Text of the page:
Walter L. Dodge, patron. Purchases several acres of land in the West Hollywood Hills. An important commission comes to this emerging architect to design/build a 16-room HOME. Dodge earned a small fortune for a health product called “Tiz”—a patented medicine/remedy for “tired feet”. This emerging Architect develops a HOME in reinforced concrete in a “blended” Spanish Mission and Modern architectural language. Constructed between 1914-1916 (just before the madness that was to be WWI).
The “emerging architect” was Irving Gill. The Walter L. Dodge House is (was!) considered one of Gill’s masterpieces of domestic architecture. The Dodge House is (was) one of the 15 most prominent and most significant of American houses. Yet, people were becoming complacent and apathetic about the place of modernism in daily life. There was still some nostalgia about the past and a peculiar reverence was rising for the romance of the forms/shapes of the distant past. In 1921, House Beautiful profiled the studied geometric design offered by Irving Gill for the Dodge House. “This house, though unmistakably Californian, nevertheless exemplifies certain bold and novel ideas in design, construction and decoration that make it notable, even in this land where originality in architecture is to be expected… It is without ornament save that furnished by vines, for he believes beauty should be organic and that no amount of ornament can redeem a badly designed structure. There is not even an overhanging roof to break the severity of the exterior, and as may be seen in the photograph, there is a distinction, a dignity about it that is classic. Mr. Gill thinks there is nothing more arrestingly beautiful than a plain wall across which move cloud shadows or a silhouette of flower, and that no carving or frescoing could more perfectly finish a doorway or window than a vine or creeper.”
The Dodge House was sold on several occasions eventually ending up owned by the Los Angeles Board of Education. Efforts had been made to build apartment units on the Dodge property but save the Dodge House for preservation.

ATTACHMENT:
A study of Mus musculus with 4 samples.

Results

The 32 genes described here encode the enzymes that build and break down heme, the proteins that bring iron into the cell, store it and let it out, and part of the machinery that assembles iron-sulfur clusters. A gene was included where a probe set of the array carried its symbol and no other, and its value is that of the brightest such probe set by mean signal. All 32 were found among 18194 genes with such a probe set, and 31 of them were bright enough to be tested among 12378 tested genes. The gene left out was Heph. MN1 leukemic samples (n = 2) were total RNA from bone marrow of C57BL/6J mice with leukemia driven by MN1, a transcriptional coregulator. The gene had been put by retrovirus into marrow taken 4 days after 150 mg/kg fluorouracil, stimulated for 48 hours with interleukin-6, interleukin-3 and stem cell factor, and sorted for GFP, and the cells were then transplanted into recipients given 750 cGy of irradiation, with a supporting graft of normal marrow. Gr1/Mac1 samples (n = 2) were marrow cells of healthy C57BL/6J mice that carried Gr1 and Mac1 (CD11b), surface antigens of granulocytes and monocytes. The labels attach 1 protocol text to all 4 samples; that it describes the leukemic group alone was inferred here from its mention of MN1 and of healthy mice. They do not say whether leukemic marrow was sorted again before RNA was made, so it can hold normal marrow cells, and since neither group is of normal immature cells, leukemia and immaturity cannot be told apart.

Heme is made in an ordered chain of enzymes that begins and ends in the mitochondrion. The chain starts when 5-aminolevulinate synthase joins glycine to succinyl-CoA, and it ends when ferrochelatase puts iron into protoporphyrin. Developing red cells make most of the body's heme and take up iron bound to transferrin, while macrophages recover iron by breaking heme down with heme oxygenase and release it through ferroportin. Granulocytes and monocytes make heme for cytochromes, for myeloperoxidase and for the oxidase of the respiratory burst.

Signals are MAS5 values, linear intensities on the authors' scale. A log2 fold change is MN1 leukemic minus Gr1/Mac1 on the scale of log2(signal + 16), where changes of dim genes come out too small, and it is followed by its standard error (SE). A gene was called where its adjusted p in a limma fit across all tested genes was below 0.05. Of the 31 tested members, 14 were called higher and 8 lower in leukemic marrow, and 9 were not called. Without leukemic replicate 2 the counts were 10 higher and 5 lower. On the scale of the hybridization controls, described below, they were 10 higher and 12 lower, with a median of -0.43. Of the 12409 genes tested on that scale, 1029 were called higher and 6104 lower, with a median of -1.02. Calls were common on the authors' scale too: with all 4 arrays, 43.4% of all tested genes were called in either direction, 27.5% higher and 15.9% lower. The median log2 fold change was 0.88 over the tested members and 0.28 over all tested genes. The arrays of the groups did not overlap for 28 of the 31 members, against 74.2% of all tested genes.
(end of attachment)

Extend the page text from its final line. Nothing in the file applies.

In late 1969, after a lawsuit to preserve the Dodge House was rejected, the property was sold to the Riviera Management Company. Efforts to preserve the Dodge House were numerous but, unfortunately, could not prevent the utter demolition of the Gill masterful design as Riviera Management Company proceeded to create housing density on the 2.75 acres of highly desirable residential property! As a result of profit over culture, the Dodge House was demolished on a cold, rainy Monday morning on February 9, 1970. Bulldozers ripped the clean geometry lines and crisp forms of Irving Gill’s Dodge House and hauled the remains away to the dump! Architect Kurt Meyer felt this act of destruction was akin to taking a “knife and slashing a Rembrandt painting”!
Noted New York architecture critic Ada Louise Huxtable wrote a scathing condemnation of the demolition of Irving Gill’s Dodge House in the New York Times one month after the event: “a tragic commentary on how we throw our national heritage away.” (New York Times, March 8, 1970)
But the general public was unconcerned and ambivalent! John Pastier wrote the following in the Los Angeles Times on August 31, 1969:
“In some ways, it’s a house only an architect would love. Nothing noteworthy ever happened there, and it’s not really old enough to claim historical status. Visually, it has neither the charm nor nostalgia of a ‘period piece,’ nor the spectacularly expressive design of many ‘modern’ residences. From the outside, it seems quite ordinary: two stories high, flat-roofed, with undecorated white walls, simple rectangular metal windows, and a few arches to remind the viewer that he is in Los Angeles and not somewhere else.”
What are your thoughts on the destruction of an architectural masterpiece in order to build seven separate three-story structures with 48 studio apartments? Where does a work of art—in this case, a work of domestic architecture—fit into the cultural life of an urban environment? Is there room for culturally important edifices in the urban space or is density more valuable than heritage and legacy?